Numerous south-west football and netball coaches have welcomed AFL Western District's decision to postpone the start of the season due to the COVID-19 pandemic.
On Tuesday, AFLWD announced no games would be played until after May 31. Clubs are encouraged to cancel group training until then.
Koroit coach Stacey O'Sullivan, the Hampden league 2019 open premiership mentor, backed the call.
"I think they're making the right move," she said.
"At the end of the day, the safety of the community is more important than sport."
The Saints had already decided not to train this week before the announcement.
Koroit premiership football coach Chris McLaren had a meeting with players on Tuesday night to work out a plan for the coming months.
He said he wasn't confident football would return this season.
But he said it was important to keep things in perspective.
"Obviously from a pure footy perspective, it's a bit of a blow," he said.
"But you've got to put into perspective what is actually going on in the world.
"It's only minor, it's only a game of footy."
The Saints won't continue to train. But McLaren said he was lucky to have players who undertook personal fitness away from the club.
"'I have 100 per cent trust in my players to go away and keep themselves in good shape," he said.
McLaren believes it could be a good chance for the group to mentally freshen up after a long stretch of premiership campaigns.
Warrnambool and District league A grade coach Thalia Robertson said she was "actually quite relieved" to see the announcement.
"I think it's an absolutely necessary precaution to take for our community," the Russells Creek coach said.
Robertson, who works in health, said it was too risky to play the game at this time.
"Just the potential to spread the virus is too concerning to warrant playing netball," she said.
"I know my girls are disappointed but they're on board with the decision made."
She said her group had been talking about the possibility of postponement for the past week and she wasn't surprised by the announcement.
Robertson said it was going to be hard to take for a community that loved its sport.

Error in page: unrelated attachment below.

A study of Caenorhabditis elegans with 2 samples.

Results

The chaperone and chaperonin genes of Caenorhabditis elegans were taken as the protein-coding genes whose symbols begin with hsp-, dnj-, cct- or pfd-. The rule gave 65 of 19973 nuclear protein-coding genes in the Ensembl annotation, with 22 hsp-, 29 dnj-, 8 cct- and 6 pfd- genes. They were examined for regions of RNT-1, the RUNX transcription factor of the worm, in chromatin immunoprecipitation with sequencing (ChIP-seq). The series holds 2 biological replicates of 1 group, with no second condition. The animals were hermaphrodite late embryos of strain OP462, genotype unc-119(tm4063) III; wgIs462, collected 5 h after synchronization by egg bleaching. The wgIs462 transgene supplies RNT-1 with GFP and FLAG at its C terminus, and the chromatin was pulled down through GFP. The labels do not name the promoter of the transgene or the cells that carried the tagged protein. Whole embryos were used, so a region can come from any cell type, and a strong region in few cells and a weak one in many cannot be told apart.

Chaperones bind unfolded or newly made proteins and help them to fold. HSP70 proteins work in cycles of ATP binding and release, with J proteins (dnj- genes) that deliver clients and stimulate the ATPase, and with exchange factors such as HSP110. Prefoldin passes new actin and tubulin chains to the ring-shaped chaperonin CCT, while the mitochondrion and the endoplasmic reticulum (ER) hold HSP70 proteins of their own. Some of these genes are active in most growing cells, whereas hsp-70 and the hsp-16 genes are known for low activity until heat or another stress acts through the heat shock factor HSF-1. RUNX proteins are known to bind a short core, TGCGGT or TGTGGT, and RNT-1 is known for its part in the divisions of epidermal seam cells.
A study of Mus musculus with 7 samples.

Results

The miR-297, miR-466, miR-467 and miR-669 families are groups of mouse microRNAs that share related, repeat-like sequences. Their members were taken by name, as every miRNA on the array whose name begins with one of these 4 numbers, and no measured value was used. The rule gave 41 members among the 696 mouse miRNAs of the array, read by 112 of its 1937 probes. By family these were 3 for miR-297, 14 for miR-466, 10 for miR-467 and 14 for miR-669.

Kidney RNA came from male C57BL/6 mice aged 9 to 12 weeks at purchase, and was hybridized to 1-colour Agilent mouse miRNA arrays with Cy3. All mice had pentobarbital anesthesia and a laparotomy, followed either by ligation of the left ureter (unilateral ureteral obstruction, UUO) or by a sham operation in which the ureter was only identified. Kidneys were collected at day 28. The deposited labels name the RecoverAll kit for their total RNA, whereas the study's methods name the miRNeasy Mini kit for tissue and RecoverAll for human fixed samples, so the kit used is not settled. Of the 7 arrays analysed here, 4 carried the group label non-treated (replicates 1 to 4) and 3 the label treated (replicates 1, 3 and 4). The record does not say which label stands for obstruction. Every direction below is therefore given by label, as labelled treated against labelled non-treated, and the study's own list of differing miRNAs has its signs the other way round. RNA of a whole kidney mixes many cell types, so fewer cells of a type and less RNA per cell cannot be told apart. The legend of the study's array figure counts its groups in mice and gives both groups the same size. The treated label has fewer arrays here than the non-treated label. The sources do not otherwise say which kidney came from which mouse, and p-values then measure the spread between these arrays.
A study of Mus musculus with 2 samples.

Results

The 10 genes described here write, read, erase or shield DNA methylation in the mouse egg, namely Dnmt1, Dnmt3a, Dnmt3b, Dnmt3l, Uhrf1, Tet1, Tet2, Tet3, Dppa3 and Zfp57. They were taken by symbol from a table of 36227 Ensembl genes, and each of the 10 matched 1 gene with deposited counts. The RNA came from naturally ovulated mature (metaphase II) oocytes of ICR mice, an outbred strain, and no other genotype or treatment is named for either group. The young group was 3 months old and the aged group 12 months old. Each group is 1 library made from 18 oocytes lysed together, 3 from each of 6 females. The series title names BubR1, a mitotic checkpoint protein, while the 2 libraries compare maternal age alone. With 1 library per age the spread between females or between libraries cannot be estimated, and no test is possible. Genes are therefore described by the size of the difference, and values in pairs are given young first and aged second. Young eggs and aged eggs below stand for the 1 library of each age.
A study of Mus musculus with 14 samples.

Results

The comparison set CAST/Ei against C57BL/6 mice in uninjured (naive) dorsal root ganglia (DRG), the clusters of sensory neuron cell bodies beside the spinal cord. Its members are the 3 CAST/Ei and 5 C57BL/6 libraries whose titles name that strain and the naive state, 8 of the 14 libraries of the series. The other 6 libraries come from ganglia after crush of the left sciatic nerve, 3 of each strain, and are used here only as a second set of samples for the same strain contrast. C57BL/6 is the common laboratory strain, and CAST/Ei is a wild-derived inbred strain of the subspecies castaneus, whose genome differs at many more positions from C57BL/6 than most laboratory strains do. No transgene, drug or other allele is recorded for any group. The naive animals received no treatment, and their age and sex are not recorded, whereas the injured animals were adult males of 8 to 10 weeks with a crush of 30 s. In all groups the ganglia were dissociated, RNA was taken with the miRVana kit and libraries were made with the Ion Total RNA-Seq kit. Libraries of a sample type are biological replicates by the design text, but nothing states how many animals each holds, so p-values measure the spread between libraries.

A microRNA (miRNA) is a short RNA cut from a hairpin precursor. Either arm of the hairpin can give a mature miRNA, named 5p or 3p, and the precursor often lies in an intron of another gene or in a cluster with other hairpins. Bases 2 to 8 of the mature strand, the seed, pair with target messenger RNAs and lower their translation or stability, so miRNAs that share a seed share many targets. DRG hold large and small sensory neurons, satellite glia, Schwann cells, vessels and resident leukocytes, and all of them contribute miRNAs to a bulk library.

"I know from my family perspective, we're up there (the club) a couple of times a week, it's our social get together," she said.
Robertson said she would regularly communicate with her group.
"I'll be getting in contact with all my girls and coaches, making sure we're checking in with each other," she said.
The Creek mentor said it was important to keep in touch and take care of each other's mental health, especially new faces to the community.
Allansford football coach Ben Price was fully supportive of the decision but acknowledged it was a blow for the football and netball community.
"It's disappointing but I understand why," he said.
"I'm not disappointed by the decision.
"It's disappointing because of the anticipation that pre-season brings and it's on the eve of the season when everyone has put in a lot of practice.
"But we've got to think about personal health and safety first."
Price is interested to see what will happen if football returns.
He pointed out May 31 is about the midpoint of the WDFNL season and if football returned then, teams would probably play each other once to make a season.
"It's going to take creative and good business skills to act upon it," he said.
Price's concerns go beyond the boundary line with the senior coach worried about the small community of Allansford.
He said the club's social calendar, which is family-based, would be impacted.
"Country footy is more about what happens off the field than on the field," he said.
Kolora-Noorat premiership mentor Ben Walsh said the club wasn't surprised by the decision either.
"It's just one of those things that's out of everyone's control," he said.
The Power coach said there were people who were going to be a lot worse off due to the coronavirus.
"It's just a bizarre world we're living in at the minute," he said.
He'll try and get his players together in the next couple of days to chat about the situation.
"I'll tell the guys to keep themselves as fit and healthy as they can," he said.
Walsh said a mid-season return would be an ideal scenario but believed it to be a 50/50 chance.